10/18

Created in 1962, 10/18 is justifiably proud of its record in discovering new literary talent. It also has one of the finest catalogues of contemporary literature in paperback by non-French writers. It is widely admired for its detective novels set in the four corners of the world, and in the labyrinths of History.
10/18 brings together new voices in non-French contemporary literature, but also the great names of yesterday and today, in an eclectic catalogue that is marked by curiosity, with authors like Khaled Hosseini, Haruki Murakami, Bret Easton Ellis, Jim Harrison and Colum McCann, not forgetting Nobel laureates such as Toni Morrison. And then there are those who explore and elucidate contemporary society with humour and irony, such as Lucia Etxebarria, Anne B. Ragde, Eli Shafak and Jonathan Tropper. 10/18 also publishes books it feels strongly about, for example Nick Hornby's Juliet, Naked or Adam Ross's Mr Peanut.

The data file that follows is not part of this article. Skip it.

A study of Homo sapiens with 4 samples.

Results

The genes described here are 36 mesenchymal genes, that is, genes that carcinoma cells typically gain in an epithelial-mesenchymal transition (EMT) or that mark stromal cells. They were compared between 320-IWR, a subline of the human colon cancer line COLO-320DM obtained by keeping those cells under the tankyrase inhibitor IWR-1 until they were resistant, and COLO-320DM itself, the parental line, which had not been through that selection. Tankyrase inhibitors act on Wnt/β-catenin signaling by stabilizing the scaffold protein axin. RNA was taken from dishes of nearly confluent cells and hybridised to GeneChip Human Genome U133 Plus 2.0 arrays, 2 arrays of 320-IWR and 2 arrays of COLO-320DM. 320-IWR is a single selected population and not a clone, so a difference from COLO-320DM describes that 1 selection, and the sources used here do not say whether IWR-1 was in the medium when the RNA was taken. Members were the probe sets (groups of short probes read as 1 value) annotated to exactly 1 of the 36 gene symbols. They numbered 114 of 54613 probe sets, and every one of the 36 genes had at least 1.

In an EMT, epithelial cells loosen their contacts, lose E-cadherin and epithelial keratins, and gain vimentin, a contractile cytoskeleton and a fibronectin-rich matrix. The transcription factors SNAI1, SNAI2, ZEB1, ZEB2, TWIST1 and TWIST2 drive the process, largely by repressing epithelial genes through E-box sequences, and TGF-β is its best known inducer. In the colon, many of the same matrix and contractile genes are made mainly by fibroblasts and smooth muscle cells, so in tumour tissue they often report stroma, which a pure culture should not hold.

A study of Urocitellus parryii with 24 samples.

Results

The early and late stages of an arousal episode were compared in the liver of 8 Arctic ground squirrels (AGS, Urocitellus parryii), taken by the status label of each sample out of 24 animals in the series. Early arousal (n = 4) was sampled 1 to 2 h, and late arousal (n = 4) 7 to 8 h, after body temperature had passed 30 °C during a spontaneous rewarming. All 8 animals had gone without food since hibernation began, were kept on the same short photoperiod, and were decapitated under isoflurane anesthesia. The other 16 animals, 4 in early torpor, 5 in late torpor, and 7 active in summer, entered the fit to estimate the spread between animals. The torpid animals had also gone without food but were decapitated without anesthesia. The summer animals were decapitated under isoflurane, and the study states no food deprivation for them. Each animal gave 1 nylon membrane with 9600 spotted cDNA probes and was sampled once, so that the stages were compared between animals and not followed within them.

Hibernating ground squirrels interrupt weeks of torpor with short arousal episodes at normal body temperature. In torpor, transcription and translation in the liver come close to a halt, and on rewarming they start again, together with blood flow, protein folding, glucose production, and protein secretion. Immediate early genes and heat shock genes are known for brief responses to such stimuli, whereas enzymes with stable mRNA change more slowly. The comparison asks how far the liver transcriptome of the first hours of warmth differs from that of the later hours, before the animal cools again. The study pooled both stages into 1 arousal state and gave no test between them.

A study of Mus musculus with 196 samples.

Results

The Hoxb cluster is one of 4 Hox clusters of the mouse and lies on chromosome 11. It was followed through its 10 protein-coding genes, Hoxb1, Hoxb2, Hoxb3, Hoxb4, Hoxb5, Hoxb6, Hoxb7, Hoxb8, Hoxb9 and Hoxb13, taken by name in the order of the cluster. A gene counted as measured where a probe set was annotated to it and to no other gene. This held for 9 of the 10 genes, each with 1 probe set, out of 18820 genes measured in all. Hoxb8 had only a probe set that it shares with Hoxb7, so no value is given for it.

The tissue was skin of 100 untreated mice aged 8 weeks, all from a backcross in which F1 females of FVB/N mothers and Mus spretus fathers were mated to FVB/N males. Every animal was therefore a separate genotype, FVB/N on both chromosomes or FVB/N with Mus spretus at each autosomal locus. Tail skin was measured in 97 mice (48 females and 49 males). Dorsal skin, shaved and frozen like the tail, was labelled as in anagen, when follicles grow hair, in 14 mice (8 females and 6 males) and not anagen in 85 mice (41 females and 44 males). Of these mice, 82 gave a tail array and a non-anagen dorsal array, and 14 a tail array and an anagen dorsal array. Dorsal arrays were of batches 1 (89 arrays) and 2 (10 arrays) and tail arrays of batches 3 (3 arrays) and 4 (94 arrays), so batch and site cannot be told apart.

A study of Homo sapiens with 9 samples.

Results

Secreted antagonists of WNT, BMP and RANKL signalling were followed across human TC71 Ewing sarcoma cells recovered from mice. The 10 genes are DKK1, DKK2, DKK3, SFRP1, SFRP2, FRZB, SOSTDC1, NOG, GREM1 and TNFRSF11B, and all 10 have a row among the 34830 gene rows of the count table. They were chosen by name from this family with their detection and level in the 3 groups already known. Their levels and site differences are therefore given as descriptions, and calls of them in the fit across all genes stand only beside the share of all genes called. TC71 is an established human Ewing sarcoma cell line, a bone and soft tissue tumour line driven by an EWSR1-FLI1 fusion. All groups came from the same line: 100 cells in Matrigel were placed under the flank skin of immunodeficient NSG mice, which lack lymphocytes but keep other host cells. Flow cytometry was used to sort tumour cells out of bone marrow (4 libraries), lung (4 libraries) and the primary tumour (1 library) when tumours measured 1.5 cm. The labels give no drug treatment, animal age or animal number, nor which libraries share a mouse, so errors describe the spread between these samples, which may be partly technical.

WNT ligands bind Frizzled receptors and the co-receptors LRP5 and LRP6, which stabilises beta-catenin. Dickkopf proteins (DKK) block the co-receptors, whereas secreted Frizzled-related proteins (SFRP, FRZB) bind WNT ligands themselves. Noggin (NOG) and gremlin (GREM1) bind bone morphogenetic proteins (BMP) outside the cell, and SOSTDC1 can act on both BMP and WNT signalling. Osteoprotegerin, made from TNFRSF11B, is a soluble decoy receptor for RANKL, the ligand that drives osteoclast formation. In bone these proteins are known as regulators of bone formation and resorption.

10/18's range of detective literature is comprehensive, embracing all the facets of the genre, which is in a perpetual state of "reinvention". Grands Détectives is a collection of historical detective novels, most of them published for the first time. It has been immensely successful, with English-language authors such as Anne Perry, Peter Tremayne and Iain Pears. But there are also French authors who have come to the fore, not least Jean-François Parot, Fabrice Bourland, Viviane Moore, and the now-celebrated Claude Izner.
Domaine Policier is a collection that spans the contemporary world, notably with the adventures of Vish Puri, the Indian detective who is the hero of Tarquin Hall's The Case of the Missing Servant, and works by Richard Price, Colin Harrison and the Swedish author Ake Edwardson.
10/18 examines the modern world through essays that are representative of new critical thinking about society, like Harry G. Frankfurt's On Bullshit, or Noam Chomsky's critical texts. And we might also mention the iconoclastic illustrated works Dessine-moi un parisien, by Olivier Magny, and Paris vs New York, by Vahram Muratyan.